The U.S. Defense Security Cooperation Agency (DSCA) last week notified Congress of another massive sale to Gulf countries by American companies. Saudi Arabia is buying air-launched weapons worth $6.8 billion for its new F-15SA Strike Eagles; the UAE is buying air-launched weapons worth $4 billion for its F-16s. The main U.S. contractors to benefit are Boeing (providing SLAM-ER and Harpoon missiles and small-diameter bombs) and Raytheon (providing JSOW missiles and Paveway “smart” bombs).
The U.S. Navy’s estimated $7 billion Next Generation Jammer (NGJ) development does not duplicate any existing airborne electronic attack capability. But the potential exists for some “overlap” with electronic attack systems being developed by other U.S. military services, the Government Accountability Office (GAO) advises.
American defense contractors are set to enjoy revenues of nearly $4.7 billion from Iraq, according to a series of arms sales notifications by the Pentagon to Congress in the past two weeks. The potential sales include an integrated air defense system worth $2.4 billion and 30 Bell 412EP helicopters worth $300 million. The deals include training and support.
Raytheon Systems revealed a series of planned upgrades to the Paveway IV “smart” 500-pound bomb for the UK Royal Air Force (RAF). In British service since 2008, the weapon has been dropped more than 1,000 times, said T.J. Marsden, chief engineer of weapons systems for Raytheon’s UK subsidiary. He described Paveway IV as the UK’s primary air-to-ground weapon.
Elbit Systems of America is supplying an upgraded, second-generation joint helmet-mounted cueing system (JHMCS II) for Alenia Aermacchi M-346 advanced jet trainers and is promoting the system for operators of its first-generation JHMCS 1 and new users. The company featured the JHMCS II at this year’s Paris Air Show.
German missile house Diehl Defence (Hall 2c B355) is proposing the GILA (guided intelligent light armament) weapon to the German ministry of defense as a potential weapon to arm the Eurocopter Tiger. The weapon is an adaptation of Elbit’s GATR (guided advanced tactical rocket), which fits a laser guidance package to a 68mm or 70mm rocket. GATR has recently been awarded a demonstration contract by U.S. Special Operations Command.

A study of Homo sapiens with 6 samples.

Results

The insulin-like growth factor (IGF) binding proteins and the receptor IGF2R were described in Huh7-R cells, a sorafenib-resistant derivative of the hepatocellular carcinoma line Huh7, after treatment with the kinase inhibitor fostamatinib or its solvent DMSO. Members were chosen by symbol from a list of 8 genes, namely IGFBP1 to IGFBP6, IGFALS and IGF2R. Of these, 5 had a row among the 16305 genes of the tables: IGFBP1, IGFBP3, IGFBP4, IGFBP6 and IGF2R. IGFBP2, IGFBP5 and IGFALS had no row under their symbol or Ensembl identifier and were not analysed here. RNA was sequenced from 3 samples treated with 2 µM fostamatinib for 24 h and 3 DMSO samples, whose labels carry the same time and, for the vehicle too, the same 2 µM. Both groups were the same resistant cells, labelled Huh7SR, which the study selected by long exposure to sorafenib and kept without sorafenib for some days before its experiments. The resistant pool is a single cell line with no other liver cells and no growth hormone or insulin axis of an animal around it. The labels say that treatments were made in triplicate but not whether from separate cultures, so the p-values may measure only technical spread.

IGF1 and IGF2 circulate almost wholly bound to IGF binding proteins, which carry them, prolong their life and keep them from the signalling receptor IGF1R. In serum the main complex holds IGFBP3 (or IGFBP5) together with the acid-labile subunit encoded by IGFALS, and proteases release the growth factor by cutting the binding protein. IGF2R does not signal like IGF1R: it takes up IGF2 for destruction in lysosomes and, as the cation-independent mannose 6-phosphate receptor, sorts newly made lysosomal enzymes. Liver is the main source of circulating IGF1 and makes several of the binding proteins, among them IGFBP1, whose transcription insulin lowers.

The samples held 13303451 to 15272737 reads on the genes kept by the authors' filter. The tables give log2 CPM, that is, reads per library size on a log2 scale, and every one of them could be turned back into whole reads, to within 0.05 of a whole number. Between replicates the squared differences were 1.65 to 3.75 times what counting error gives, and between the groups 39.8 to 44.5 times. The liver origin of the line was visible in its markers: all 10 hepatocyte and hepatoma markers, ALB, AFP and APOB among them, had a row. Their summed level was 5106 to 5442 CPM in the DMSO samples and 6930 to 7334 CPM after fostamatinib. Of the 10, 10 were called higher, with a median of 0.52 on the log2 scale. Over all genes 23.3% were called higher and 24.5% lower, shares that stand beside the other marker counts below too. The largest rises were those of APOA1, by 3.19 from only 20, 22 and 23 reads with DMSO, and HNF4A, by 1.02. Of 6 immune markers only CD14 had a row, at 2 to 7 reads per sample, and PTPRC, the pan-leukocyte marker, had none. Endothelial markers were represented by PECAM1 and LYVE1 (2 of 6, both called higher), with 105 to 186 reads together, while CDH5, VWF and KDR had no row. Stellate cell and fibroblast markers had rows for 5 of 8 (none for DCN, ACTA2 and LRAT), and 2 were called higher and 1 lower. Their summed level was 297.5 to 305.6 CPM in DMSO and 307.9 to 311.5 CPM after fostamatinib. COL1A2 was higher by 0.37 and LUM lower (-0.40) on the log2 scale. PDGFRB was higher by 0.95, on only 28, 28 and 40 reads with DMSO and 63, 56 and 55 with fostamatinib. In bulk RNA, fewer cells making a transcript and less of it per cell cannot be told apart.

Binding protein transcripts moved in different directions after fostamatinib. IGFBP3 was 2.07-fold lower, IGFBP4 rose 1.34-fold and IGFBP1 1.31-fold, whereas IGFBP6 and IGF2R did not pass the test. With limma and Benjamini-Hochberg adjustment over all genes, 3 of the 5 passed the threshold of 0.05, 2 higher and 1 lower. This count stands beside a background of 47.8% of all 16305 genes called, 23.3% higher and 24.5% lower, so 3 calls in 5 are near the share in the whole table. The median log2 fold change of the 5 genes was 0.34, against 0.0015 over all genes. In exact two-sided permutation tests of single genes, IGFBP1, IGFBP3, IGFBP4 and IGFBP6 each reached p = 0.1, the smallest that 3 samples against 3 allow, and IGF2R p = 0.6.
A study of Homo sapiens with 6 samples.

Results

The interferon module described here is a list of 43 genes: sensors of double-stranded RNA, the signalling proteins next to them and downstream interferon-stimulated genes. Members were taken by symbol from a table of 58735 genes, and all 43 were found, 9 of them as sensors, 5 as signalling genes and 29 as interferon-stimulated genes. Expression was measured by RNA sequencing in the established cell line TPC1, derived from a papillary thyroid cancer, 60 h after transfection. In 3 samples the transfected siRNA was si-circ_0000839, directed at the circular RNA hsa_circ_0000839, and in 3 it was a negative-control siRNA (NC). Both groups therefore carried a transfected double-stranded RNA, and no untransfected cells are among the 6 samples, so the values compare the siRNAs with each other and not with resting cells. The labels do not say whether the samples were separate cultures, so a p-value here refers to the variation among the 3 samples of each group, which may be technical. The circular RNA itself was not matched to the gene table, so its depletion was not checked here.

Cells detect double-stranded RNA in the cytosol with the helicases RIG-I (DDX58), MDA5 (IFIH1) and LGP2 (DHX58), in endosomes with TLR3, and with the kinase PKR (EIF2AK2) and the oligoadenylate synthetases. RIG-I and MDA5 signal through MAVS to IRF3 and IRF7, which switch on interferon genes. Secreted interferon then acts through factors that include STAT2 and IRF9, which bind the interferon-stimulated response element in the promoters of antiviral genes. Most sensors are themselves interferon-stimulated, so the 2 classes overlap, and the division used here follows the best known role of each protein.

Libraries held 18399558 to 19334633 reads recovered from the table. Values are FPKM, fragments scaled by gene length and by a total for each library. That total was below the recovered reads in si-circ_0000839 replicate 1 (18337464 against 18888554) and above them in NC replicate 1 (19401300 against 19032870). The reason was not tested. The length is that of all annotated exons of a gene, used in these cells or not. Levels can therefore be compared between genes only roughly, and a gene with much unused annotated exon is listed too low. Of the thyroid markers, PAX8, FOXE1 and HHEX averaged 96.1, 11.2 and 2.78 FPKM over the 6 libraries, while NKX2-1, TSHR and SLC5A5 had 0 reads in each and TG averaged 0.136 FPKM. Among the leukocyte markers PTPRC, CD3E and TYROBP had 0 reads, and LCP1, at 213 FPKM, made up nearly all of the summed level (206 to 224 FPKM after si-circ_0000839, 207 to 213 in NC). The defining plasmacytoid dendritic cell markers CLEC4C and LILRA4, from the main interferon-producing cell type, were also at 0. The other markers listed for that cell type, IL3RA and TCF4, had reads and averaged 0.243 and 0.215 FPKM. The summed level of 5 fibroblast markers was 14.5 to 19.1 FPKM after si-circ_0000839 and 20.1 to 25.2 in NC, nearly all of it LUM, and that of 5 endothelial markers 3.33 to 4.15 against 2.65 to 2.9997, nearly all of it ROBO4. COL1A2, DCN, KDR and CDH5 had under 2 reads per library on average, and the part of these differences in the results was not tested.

Elbit Systems of America debuted an upgraded Joint Helmet-Mounted Cueing System (JHMCS) II at this year’s Paris Air Show (Hall 3 Stand E111).
The JHMCS II provides a new optical-inertial tracker and replaces the JHMCS subsystems with a lightweight aircraft interface unit. The system is designed as a “low-cost, low-integration” helmet-mounted display for both new aircraft installation, as the JHMCS II, and as an upgrade for already equipped aircraft, the Digital JHMCS.
Plenty of new and unique equipment is on display in and outside the Elbit Systems pavilion (Chalet A198), according to the Israeli company’s new president and CEO Butzi Machlis. This includes the SPS-65-V5 self-protection system for the Hermes 900 and other UAVs; a wide-area full motion video sensor for the same drone; unattended ground sensors; and a ‘mini’ version for helicopters of Music, the Elbit DIRCM system that protects airliners from ground-launched missiles. Meanwhile, the company’s U.S.
MBDA Missile Systems (Chalet B165) said it carried out the first surface-to-surface salvo engagement of multiple fast-attack vessels with its Brimstone Sea Spear missile, equipped with a millimetric-wave radar seeker.
Italian avionics group Elettronica is demonstrating the Virgilius integrated electronic warfare (EW) architecture system at its Paris Air Show exhibit (Hall 1 E294), as well as the ELT/572 directional infrared countermeasures (DIRCM) system for protecting against man-portable air defense (Manpad) weapons. It has also unveiled its latest self-protection suite for combat search-and-rescue helicopters.